Amnesty report on Europe’s approach to refugees

“We are witnessing a paradigm change, an unchecked slide into an era in which the scale of forced displacement as well as the response required is now clearly dwarfing anything seen before” António Guterres, UN High Commissioner for Refugees.

The world is experiencing the worst refugee crisis since World War II. Nearly 60 million people are forcefully displaced around the world due to conflict, violence and persecution. Over 19 million of them are refugees outside their home countries,5 of whom 86% are hosted by developing countries, and 25% in the least developed ones. Rather than being prepared to receive a small fraction of world’s refugees in a dignified manner, however, this report shows how the leaders of the European Union (EU) have sought to prevent their entry into the richest political bloc in the world, by erecting fences at land borders, deploying ever-increasing numbers of border guards, spending on surveillance technology and seeking to enlist neighbouring countries already hosting large numbers of refugees as gatekeepers.

The effect is to push refugees to take the most dangerous routes to reach Europe – particularly across the sea.

No matter how big the search and rescue effort in the Mediterranean, as long as refugees do not have any alternatives to reach safety than the sea, they will continue to die off Europe’s shores.

You can read Amnesty’s report in full here.

Helen De Cruz on women in science

in the Irish Times.

When it turned out that the person behind ‘I fucking love science’ was a woman (Elise Andrew), there were lots of sexist comments, such as ‘You mean you’re a girl, AND you’re beautiful? Wow, I just liked science a lil bit more today’.

For most people, the media – TV, internet and so on – are the only place where they hear about scientific findings. If the communicators of such findings are men, we’re likely ending up with a biased picture of science.

Interview with Elizabeth Barnes

An excellent interview with feminist philosopher Elizabeth Barnes, discussing (among other things) growing up as an evangelical in the Bible Belt; being disabled and discovering Disability Pride; the distinction between ‘core’ and ‘marginal’ pursuits in philosophy; women in philosophy; and work-life balance.  A small sample:


The social dimensions of disability are hard to identify, especially when you are growing up disabled in an environment that has a lot of negative social stigmas about disability. It’s easy for disability to just feel like your own private tragedy. And especially when, like I did, you have a condition that requires ongoing medical care, it’s easy chalk up all the difficulties you are experiencing to the fact that you are ‘sick’ – to blame everything on the biological condition of your body.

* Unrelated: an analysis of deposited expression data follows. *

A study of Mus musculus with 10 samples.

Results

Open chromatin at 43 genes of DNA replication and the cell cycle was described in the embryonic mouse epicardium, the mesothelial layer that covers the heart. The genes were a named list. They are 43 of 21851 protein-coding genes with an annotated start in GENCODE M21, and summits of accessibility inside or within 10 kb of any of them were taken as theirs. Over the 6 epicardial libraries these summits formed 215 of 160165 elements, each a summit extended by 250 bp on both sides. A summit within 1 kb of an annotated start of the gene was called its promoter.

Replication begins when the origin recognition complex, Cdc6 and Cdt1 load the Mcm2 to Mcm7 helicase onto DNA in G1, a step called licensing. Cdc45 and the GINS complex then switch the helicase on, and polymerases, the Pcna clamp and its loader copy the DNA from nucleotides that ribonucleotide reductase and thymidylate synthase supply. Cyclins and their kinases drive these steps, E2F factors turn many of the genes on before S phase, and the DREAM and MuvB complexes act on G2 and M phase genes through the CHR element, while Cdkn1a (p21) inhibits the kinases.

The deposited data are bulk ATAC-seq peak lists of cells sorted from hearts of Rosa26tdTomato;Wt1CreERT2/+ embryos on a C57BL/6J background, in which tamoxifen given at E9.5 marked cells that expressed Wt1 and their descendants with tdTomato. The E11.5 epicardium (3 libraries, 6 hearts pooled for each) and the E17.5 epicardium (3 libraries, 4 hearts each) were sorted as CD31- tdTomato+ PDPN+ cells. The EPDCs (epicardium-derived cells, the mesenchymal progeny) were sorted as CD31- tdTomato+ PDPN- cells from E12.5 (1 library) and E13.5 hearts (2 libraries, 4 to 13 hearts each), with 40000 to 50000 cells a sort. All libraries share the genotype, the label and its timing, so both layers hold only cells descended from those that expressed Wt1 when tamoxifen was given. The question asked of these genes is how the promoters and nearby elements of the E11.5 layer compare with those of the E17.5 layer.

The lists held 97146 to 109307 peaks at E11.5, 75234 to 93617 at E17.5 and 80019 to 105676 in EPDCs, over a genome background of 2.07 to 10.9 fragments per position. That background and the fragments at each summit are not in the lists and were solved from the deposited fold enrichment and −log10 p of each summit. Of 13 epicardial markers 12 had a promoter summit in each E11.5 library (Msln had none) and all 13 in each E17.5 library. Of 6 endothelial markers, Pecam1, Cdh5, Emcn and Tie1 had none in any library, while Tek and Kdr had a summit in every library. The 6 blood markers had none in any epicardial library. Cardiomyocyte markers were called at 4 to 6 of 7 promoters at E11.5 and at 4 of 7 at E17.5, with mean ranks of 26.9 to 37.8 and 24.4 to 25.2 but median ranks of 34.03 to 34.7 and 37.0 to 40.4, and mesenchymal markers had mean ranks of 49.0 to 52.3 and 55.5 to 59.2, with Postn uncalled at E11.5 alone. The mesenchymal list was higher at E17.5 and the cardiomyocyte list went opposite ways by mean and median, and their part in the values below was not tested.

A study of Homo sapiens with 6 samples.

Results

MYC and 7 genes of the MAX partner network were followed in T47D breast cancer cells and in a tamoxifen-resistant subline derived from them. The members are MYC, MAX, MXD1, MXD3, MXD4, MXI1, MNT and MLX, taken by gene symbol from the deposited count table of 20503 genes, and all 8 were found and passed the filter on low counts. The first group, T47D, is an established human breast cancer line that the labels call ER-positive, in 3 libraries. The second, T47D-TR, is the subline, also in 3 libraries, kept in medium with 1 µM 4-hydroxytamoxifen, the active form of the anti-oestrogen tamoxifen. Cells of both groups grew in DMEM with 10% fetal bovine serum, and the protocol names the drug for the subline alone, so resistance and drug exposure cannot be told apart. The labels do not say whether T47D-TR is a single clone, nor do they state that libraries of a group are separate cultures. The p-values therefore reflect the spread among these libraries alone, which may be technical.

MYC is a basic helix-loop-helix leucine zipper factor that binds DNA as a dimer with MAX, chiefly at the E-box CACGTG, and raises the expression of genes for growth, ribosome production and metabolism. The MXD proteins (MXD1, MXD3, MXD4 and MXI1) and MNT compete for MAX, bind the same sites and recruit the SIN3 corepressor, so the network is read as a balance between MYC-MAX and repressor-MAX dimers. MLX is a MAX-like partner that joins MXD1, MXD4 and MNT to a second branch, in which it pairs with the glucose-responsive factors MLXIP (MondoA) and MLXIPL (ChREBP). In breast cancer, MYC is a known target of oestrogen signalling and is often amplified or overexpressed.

What I first encountered in disability studies was the idea that so much of what we struggle with as disabled people is social, not physical or medical. And so much of how we’re taught to think about ourselves as disabled people is determined by the opinions and stereotypes of non-disabled people – opinions and stereotypes which don’t really, when we get together and talk about it, reflect our lived experiences as disabled people. Learning about disability pride and thinking, for the first time, about the social dimensions of disability felt like having my view of the world turned upside down and shaken. It felt like having chains pulled off me that I hadn’t realized I’d been wearing. It felt like being given the ability to articulate feelings that I’d never been able to express before, even to myself. It was a deeply transformative experience that restructured the way I thought about myself, my body, and my place in the world.

When I started learning about disability pride, I finally dealt with the latent, entrenched feelings of shame and inadequacy that I had about my body. I learned, for the first time in my life, how to celebrate the ways that my body is different, rather than try to ‘overcome’ them or be successful ‘in spite of’ them. I can’t even begin to explain how much this improved my life, or the extent to which it was a fundamental change.

Oh, OK, one more small sample:

How do you think we can increase the diversity in philosophy, which is one of the least diverse disciplines?

I wish I knew! I suspect the answer is complicated and involves making concerted efforts along many different dimensions, from how we teach intro to how we handle grad admissions to how we approach hiring and promotion and everywhere in between. The problem is a deep and structural one, and there won’t be a quick or unilateral fix.

But I definitely think that we won’t solve the problem by keeping philosophy basically as it is, and just finding a friendlier, savvier way to market it. I think there are going to have to be changes in what we teach, in what we value, in what we consider ‘core’. I think Anita Allen was right, for example, when she said that it’s up philosophy to prove that it has something to offer Black women, rather than up to black women to prove they can fit into philosophy as it currently is. And I think the same thing goes for so many under-represented groups – people of color, disabled people, LGBT people. I also think that any genuine effort for diversity needs to be intersectional. I mean, I want philosophy to be a better place for women, but we won’t have come all that far if we end up making it a better place only for wealthy white cis non-disabled straight women.

But I’m cautiously optimistic. I think the very fact that we’re having these conversations – that we’re admitting that philosophy’s narrow demographics are something we should be concerned about, and that philosophy as a discipline might be at least partially to blame for them – is a good sign. Step one is admitting you have a problem.